Beit Furik, Huwwara, Za'tara (Tapuah), Tue 16.12.08, Afternoon
We learn of the new handling of the checkpoints at Huwwara and Beit Furik. We are shocked at the arbitrariness which has no logic. After all the years of hysterical checking and "the terrible danger" Beit Furik is now open to cars, the entrance to Nablus from Huwwara is open to cars. Drivers from Beit Furik do crazy turns in their joy, smile and wave at us with V signs.
14.00 The gates of Marda are open and Zeita is closed as usual.
14.20 Za'tara. No lines.
A bus leaving Nablus is detained in the parking lot. The IDs of the passengers are taken. Now the soldiers decide to take all the passengers off the bus and to give each his ID. The driver says,"Where are the alleviations if to get to Ramallah we have to go through 3 checkpoints." One of the passengers complains to the soldiers in excellent Hebrew but the driver is allergic to any disturbance and delay of the passengers and tells him to leave it. We also think that any interference either from us or from him will make the soldiers angry and to detain the people.
Crossroads of Burin...no blockage.
As we saw in the last few days the checkpoint is developing and improving with fences within fences and locked gates. The fences give the feeling of a jail. When there is a space between them it is filled with fenced tuff. "They will bring flowers" says the commander A. He hurries to tell us to stand further back (at the last exit of the checkpoint). He says that our very presence makes it difficult for the soldiers who are checking.
The humanitarian line is quickly organized. Most of the men are checked by ID. Sometimes not and it seems that the younger men are sent back .
A: "It is true that there is arbitrariness so that that should not get used to the idea that they are not being checked." The new checkpoint has its problems he tells us. The posts are isolated and if there is an incident it will be harder to react. " It is difficult to estimate the packages and boxes , their weight and so the checking is slower". The signs call the detainees shed a place of "waiting" and next to the narrow turnstile for those entering is a sign "Entrance for handicapped" on a closed gate. " If a handicapped person arrives I have a key and open it ,"says A.
15.15 Two of our friends come to visit and to see and when they leave they phone us to say that the owners of the kiosks says that K. from the DCO threatened them that if they would still be there in a matter of minutes he would arrest them and put them in the "jorra". We go there and see that I. and other soldiers are marching in their lordly fashion to the vegetable kiosk which is at the entrance to the checkpoint. The man and his 13 year old son seem worried. The next moment a soldier notices us and whispers to K. K. goes up to the owner of the kiosk and asks him to clean up the area around his kiosk. The boy hurries to pick up the rubbish which passers by had thrown down and also with a homemade broom to sweep the area. After that the boy sees my badge (which the settlers had torn off in the summer) and runs to bring scissors and using it fixes it more firmly in its place. And with this he cuts his hand and blood spills out but he smiles bravely as boys do and says that it is nothing and not to worry.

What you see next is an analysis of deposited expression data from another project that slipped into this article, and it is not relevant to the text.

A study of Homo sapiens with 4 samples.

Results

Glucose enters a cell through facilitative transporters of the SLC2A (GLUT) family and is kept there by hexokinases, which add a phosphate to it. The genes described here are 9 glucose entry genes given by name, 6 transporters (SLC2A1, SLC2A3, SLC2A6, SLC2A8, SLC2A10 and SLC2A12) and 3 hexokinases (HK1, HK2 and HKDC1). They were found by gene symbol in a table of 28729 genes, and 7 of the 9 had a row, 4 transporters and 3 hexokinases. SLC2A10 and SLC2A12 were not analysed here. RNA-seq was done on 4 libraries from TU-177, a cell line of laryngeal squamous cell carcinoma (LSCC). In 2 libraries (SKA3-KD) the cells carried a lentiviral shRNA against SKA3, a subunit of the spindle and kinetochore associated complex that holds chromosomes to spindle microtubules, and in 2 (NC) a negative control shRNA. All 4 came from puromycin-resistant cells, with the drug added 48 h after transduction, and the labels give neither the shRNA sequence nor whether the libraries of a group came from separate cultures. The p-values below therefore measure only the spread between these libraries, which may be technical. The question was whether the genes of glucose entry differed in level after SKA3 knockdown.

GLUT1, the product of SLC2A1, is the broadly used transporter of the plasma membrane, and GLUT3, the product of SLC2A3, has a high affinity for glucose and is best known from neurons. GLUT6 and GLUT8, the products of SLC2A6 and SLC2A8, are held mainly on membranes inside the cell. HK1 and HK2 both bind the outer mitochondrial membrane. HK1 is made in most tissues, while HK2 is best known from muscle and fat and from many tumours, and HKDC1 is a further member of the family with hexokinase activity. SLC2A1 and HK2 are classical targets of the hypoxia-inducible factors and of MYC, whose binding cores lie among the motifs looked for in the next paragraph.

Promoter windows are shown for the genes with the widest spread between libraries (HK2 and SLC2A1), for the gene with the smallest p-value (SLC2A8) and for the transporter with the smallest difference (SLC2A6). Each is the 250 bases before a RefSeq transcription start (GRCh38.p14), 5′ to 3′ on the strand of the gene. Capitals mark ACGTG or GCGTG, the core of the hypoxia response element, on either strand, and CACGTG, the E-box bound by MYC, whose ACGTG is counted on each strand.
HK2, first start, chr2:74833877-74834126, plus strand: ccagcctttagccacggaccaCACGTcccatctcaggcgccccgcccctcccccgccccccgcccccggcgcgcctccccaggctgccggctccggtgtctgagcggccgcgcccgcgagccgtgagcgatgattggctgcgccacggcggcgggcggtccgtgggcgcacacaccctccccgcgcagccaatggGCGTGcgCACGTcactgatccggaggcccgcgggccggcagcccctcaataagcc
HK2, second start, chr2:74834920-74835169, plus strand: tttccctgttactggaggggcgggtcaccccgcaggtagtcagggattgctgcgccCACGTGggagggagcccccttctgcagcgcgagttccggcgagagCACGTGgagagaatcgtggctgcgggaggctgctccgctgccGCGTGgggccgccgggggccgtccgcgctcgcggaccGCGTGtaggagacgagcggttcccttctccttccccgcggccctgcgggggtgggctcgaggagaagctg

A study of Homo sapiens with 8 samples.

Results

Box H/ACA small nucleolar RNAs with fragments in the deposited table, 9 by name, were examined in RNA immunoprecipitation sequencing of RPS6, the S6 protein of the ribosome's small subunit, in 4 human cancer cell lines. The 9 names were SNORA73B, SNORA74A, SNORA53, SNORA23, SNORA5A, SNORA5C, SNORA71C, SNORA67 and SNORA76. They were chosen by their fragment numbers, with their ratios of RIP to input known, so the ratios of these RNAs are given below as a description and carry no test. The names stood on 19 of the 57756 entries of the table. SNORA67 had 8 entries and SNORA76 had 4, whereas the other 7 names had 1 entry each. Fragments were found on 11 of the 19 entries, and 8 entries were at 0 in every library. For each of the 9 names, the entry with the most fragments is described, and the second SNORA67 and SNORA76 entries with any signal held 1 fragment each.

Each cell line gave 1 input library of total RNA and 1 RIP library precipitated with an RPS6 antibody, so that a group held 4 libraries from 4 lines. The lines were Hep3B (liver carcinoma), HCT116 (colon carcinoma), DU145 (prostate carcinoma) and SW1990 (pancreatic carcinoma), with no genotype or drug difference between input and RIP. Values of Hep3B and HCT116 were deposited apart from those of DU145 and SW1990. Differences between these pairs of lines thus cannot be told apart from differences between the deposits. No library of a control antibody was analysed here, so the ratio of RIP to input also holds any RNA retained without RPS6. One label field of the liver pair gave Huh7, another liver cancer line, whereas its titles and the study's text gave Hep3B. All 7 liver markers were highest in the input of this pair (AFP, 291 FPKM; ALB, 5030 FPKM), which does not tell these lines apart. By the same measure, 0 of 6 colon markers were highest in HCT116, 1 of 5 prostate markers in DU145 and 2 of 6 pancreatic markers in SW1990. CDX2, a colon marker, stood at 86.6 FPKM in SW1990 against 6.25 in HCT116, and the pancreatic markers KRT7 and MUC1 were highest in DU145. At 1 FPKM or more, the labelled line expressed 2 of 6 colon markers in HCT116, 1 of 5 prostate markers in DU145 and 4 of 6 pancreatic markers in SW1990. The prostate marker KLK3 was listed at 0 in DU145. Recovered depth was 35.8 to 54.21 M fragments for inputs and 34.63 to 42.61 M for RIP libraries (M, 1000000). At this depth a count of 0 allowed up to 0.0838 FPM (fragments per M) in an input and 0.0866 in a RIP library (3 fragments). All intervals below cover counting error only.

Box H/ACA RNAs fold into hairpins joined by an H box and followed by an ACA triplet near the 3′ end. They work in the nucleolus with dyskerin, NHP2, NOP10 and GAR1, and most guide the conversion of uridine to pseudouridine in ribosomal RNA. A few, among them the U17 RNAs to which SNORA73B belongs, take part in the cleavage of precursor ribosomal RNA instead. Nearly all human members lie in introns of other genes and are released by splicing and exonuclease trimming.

15.50 A drill at the checkpoint and for 10 minutes everything comes to a halt. At the head of the line stands a bent old men at an angle of 90 degrees. It is hard for him to stand but no one is allowed through, not even he.
16.00 Beit Furik.
Two bored soldiers guard the checkpoint. It is open to cars either coming or going to Nablus. The taxis speed at the turning of the road to the checkpoint and show us the V sign with smiles. One is forced to think "What was the point of all the years of suffering with the pedantic checking of the residents, the "one by one" when suddenly there is nothing. Daphne asks what about pedestrians and is told that no pedestrians are allowed through. "They must take a taxi or come through with a friend. The area must stay sterile." The soldier yawns. "We only check if there are alerts." Again arbitrary. What does it make a difference if there is no checking how the people come to the checkpoint. The remains of stone and sheets of material thrown from the pleasant kiosk which the settlers had burnt down remain. Daphnae smells the smell of fire. Desolation around the kiosk of A., the peppermint and tomato plants smell of life.
16.30 Huwwara. The eastern area is lit by a shining light. The fences close the people, the soldiers and the tuff in. It is very cold,. The moaning sound of the loudspeakers "Girls". Or "turn around" or "raise it higher, yallah."
17.20 On the way back...a border police car stands with flashing lights but there is no checkpoint and no checking.
Opposite Marda the "deserted" house seems to be more organized with new nets of camoflauge. An army jeep stands in front of it facing the road and this was also so at 14.00.